Jets’ fans—and Jets’ bettors—have to wonder each week as the pomp and ceremony of an NFL contest unfurls, which New York Jets team will charge onto the field from the tunnel under the corner of the stadium stands. Will it be the team that pulled off three straight victories and looked to have turned the proverbial corner?
Will it be the team that upset the then high-ranked Dallas Cowboys team in Week 5, the team that dismantled the Wild Card-competing Oakland Raiders in Week 12? Will it be the ferocious defense of hard-hitting Jamal Adams that leads the league in fewest rushing yards allowed? Or will it be the New York Jets that inexplicably lost to the 0-7 Dolphins? The team of the struggling and growing Sam Darnold, he of interceptions and sacks and bad reads, the head-shaking young quarterback seeing ghosts in the defense?
The Jets that took to the Paul Brown Stadium field versus the O-for-the-season Bengals were definitively the latter. They were undisciplined and unfocused. While the stat lines and numbers may be inconsistent with the story, the scoreboard tells the truth. Final score: Bengals 22, Jets 6. These high-flying Jets, flashing wins in their last three, engraved themselves in the record books as the first team to have ever lost to two teams in season, who were winless with seven or more defeats. No other team has granted winless teams and coaches their first victories so late in the year.
Both the Jets Offense and Jets Defense Were to Blame Plus Jets Odds Preview for Week 14
The game started to script, an opening drive once again resulting in points for Gang Green, a 42-yard Sam Ficken boot. The heart and soul of the Jet defense, Jamal Adams, injured his foot on the first defensive series; he played all but one snap, but his effectiveness was clearly compromised. The Bengals were led by Andy Dalton, retaking the starter’s spot after a failed three-week experiment with rookie QB Ryan Finley.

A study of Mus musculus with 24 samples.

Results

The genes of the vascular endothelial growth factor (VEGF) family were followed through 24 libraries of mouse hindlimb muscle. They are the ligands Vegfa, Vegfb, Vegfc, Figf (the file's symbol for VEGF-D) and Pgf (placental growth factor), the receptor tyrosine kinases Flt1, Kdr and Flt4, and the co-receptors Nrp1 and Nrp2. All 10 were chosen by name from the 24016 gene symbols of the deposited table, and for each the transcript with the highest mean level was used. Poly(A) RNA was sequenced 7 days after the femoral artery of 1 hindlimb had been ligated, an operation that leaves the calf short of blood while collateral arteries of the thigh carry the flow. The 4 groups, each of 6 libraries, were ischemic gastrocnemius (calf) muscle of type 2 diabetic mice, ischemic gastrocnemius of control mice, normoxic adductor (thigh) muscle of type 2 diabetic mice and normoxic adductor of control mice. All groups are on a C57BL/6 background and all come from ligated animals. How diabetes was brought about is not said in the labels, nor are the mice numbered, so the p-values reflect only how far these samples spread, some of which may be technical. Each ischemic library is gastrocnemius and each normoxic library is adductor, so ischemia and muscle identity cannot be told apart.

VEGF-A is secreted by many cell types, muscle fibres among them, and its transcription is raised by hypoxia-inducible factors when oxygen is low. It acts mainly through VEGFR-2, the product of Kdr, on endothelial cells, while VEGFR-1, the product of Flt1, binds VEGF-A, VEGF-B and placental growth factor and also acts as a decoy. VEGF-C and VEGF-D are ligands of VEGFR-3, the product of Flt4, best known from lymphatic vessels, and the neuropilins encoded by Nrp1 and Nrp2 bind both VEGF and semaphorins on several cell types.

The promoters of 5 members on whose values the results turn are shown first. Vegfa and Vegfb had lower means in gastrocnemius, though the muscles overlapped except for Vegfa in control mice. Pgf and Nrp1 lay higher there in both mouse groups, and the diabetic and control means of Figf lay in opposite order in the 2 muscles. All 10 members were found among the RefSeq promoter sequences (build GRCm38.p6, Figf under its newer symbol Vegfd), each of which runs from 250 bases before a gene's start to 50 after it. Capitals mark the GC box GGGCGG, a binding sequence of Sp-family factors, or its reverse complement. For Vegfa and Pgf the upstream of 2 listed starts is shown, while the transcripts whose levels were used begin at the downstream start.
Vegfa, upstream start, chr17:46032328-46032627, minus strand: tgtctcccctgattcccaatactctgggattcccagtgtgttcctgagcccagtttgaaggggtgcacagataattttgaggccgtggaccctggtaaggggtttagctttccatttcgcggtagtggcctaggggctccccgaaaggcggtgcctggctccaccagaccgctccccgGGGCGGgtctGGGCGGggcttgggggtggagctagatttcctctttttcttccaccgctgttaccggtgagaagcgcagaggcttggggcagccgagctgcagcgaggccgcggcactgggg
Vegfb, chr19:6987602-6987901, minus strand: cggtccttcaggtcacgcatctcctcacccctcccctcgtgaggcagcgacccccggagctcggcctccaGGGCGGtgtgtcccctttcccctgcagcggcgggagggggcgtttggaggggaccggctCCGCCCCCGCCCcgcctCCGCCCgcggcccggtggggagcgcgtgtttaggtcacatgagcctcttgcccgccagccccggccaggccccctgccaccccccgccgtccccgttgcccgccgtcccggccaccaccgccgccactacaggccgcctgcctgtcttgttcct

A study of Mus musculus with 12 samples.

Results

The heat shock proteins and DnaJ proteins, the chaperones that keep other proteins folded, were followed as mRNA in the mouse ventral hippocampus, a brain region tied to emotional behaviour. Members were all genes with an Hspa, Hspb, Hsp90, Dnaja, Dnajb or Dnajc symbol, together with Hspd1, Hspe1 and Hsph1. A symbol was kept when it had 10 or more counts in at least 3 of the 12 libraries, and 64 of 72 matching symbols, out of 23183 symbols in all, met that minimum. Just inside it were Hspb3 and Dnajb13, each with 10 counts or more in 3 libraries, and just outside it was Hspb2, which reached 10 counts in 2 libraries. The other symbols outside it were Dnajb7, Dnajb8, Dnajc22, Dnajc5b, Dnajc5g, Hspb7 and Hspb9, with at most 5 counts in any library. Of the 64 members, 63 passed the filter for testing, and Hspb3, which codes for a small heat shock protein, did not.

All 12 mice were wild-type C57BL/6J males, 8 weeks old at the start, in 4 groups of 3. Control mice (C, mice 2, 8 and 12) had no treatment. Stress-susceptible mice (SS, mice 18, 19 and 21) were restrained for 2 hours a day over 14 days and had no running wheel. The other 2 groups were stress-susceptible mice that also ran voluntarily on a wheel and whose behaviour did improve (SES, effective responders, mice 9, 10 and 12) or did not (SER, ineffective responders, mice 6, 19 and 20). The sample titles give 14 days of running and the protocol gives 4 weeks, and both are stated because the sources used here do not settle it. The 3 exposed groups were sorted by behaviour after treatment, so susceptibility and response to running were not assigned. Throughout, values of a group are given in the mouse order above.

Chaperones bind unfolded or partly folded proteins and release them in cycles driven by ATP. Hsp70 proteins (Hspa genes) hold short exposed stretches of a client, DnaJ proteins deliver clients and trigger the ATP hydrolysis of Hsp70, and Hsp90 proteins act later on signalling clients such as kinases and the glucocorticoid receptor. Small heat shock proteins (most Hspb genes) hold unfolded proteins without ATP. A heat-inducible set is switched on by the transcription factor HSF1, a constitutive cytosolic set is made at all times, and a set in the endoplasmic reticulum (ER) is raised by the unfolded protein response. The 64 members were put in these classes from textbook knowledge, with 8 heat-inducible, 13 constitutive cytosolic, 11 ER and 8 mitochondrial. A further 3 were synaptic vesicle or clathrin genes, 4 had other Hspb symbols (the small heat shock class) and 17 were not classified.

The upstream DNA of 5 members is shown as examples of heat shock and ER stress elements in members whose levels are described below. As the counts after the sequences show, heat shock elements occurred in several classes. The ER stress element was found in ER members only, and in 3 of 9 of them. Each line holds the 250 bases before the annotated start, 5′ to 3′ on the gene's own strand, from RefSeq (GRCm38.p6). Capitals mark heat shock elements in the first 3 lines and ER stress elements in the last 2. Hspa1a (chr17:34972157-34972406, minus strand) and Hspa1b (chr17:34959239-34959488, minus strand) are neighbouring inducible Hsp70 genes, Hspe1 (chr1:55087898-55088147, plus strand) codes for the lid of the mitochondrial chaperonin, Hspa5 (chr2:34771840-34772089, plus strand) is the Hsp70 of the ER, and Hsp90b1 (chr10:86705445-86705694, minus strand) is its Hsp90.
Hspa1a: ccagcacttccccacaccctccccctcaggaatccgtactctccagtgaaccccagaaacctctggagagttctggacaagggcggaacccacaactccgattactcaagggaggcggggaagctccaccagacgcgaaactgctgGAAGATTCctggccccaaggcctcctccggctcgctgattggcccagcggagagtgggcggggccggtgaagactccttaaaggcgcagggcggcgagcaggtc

Dalton’s passes looked sharp and on target, befitting his nickname of the “Red Rifle.” The second quarter belonged to Dalton and his newly-energized team, sandwiching a field goal in between two touchdown drives for a 17-3 lead. Another Ficken score brought in the halftime at 17-6.
The Jets’ game play is best described by a third quarter series. After stopping Cincy at midfield, the punt was downed by the Bengals special teams at the two-yard line. False start on the next snap, followed by a two-yard carry for Le’Veon Bell. A short pass was completed from the three, but another flag, holding, was enforced in the endzone, giving the Bengals two points on the safety and the ball back. That drive ended with a field goal to finalize the game’s score.
Darnold was a respectable if unspectacular 28 of 48 for 239 yards, but with four sacks. Bell carried ten times for only 32 yards. Robby Anderson snagged seven passes for 101 yards. The defense surrendered only 44 yards on the ground and gave up 243 passing yards, but sacked Dalton only once. Overall, the Jets were flagged for 10 accepted penalties for over 100 yards, many nullifying big gains on offense. New York’s odds to win the Super Bowl have dropped to +100000.
The Jets welcome the Miami Dolphins to the Meadowlands this week, sitting as a five-point favorite at -110 in a potential revenge game. Miami has been playing much better, competitive football of late, winning three of the last five, including a thrilling back-and-forth victory over the Eagles that featured a trickeration touchdown toss from their punter to their placekicker out of a unique spread formation. Which Jets team will emerge from the tunnel?